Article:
Frostbite is damage to the skin and underlying tissues caused by extreme cold. Frostbite is the most common freezing injury.
Frostbite occurs when the skin and body tissues are exposed to cold temperature for a long period of time.
You are more likely to develop frostbite if you:
Symptoms of frostbite include:
Very severe frostbite may cause:
Frostbite may affect any part of the body. The hands, feet, nose, and ears are the places most prone to the problem.
A person with frostbite on the arms or legs may also have hypothermia (lowered body temperature). Check for hypothermia and treat those symptoms first.
Take the following steps if you think someone might have frostbite:
Call your doctor or nurse if:
Be aware of factors that can contribute to frostbite. These include extreme:
Wear clothing that protects you well against the cold. Protect exposed areas. In cold weather, wear mittens (not gloves); wind-proof, water-resistant, layered clothing; two pairs of socks; and a hat or scarf that covers the ears (to avoid heat loss through the scalp).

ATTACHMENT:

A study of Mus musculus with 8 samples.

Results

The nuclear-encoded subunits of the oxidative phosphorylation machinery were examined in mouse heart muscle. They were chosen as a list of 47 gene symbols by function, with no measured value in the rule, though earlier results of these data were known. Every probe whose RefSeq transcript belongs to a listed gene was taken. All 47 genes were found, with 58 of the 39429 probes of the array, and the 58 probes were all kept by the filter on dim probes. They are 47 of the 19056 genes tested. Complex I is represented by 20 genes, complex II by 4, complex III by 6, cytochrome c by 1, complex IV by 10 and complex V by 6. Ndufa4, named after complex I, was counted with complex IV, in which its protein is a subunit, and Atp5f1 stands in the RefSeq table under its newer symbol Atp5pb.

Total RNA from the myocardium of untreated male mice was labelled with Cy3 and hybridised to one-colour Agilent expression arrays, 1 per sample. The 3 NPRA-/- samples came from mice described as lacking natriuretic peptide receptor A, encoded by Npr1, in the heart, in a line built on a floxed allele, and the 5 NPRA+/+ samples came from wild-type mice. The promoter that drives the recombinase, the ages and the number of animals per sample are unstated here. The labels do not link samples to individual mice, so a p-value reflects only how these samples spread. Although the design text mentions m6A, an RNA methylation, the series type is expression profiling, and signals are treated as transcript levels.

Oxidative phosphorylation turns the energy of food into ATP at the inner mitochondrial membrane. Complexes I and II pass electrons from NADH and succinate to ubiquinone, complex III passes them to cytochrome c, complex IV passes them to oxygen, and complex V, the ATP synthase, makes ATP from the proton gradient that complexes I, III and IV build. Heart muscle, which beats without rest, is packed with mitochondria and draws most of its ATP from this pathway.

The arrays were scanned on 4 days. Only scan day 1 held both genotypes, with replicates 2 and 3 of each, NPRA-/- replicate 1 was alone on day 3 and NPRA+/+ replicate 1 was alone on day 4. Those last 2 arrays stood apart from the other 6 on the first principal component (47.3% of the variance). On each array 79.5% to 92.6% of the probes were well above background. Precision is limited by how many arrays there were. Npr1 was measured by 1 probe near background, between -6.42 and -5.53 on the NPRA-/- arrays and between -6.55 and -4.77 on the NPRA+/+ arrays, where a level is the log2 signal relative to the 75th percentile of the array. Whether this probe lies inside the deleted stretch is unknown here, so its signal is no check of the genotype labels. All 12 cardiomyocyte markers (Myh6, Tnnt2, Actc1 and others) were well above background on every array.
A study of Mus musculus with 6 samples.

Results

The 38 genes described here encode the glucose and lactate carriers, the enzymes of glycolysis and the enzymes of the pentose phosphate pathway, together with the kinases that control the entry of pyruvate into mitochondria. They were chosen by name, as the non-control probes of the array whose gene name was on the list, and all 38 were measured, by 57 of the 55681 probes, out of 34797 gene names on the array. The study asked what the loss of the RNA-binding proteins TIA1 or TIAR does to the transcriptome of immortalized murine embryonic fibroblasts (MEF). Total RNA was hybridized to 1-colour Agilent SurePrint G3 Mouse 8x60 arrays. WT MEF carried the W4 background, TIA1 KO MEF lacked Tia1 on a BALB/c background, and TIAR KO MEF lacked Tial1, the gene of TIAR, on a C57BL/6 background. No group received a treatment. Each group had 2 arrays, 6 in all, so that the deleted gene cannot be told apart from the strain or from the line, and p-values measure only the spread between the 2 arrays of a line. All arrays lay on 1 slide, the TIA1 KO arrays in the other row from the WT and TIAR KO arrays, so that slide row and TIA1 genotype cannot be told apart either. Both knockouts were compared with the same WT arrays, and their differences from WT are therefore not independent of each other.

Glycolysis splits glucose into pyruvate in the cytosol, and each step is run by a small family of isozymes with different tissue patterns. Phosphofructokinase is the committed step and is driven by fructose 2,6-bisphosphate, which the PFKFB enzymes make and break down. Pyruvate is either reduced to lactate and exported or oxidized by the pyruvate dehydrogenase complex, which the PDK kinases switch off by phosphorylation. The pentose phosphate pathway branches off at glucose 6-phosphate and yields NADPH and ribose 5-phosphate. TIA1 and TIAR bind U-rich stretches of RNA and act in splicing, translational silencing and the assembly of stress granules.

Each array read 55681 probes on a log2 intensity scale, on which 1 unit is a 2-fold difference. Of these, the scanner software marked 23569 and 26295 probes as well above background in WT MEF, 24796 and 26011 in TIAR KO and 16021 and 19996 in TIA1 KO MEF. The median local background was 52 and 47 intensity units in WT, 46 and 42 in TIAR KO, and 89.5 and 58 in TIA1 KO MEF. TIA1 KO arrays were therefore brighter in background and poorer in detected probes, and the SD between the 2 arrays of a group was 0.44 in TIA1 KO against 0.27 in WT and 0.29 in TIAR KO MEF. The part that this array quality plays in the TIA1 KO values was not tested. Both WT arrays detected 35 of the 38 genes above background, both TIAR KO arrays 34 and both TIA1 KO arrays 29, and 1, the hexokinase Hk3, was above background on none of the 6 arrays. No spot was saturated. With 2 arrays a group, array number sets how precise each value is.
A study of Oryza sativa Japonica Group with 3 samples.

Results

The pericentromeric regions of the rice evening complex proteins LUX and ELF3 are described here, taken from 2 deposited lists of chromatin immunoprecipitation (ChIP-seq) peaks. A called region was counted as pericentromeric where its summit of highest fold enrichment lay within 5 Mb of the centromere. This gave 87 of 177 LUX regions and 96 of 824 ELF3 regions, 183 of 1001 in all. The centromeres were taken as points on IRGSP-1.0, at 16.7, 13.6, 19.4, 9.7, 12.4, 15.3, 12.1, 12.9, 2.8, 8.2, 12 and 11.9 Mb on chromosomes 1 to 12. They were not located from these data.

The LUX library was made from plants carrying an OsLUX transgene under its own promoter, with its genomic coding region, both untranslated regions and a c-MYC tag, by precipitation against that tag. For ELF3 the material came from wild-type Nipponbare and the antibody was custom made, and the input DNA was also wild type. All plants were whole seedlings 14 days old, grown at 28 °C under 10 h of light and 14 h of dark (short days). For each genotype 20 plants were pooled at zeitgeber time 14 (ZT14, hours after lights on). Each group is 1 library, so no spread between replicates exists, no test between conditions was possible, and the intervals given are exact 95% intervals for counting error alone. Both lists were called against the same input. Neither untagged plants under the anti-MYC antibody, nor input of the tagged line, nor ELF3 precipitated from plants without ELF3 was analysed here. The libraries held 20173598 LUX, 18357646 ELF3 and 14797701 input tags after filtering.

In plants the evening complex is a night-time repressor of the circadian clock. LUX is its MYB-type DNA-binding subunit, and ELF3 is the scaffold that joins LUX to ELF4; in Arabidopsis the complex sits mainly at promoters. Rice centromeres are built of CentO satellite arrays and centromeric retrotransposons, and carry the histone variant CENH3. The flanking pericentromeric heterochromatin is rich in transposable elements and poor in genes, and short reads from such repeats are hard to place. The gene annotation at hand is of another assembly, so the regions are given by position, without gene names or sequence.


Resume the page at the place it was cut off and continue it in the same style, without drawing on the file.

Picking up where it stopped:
If you expect to be exposed to the cold for a long period of time, don't drink alcohol or smoke. Make sure to get enough food and rest.
If caught in a severe snowstorm, find shelter early or increase physical activity to maintain body warmth.
Cold exposure - arms or legs
Winkenwerder W, Sawka MN. Disorders due to heat and cold. In: Goldman L, Schafer AI, eds. Cecil Medicine. 24th ed. Philadelphia, Pa: Saunders Elsevier; 2011:chap 109.
Zafren K, Danzl DF. Hypothermia and frostbite. In: Marx JA, Hockberger RS, Walls RM, et al, eds. Rosen's Emergency Medicine: Concepts and Clinical Practice. 8th ed. Philadelphia, Pa: Mosby Elsevier; 2013:chap 139.
Updated by: Jacob L. Heller, MD, MHA, Emergency Medicine, Virginia Mason Medical Center, Seattle, Washington. Also reviewed by David Zieve, MD, MHA, Bethanne Black, and the A.D.A.M. Editorial team.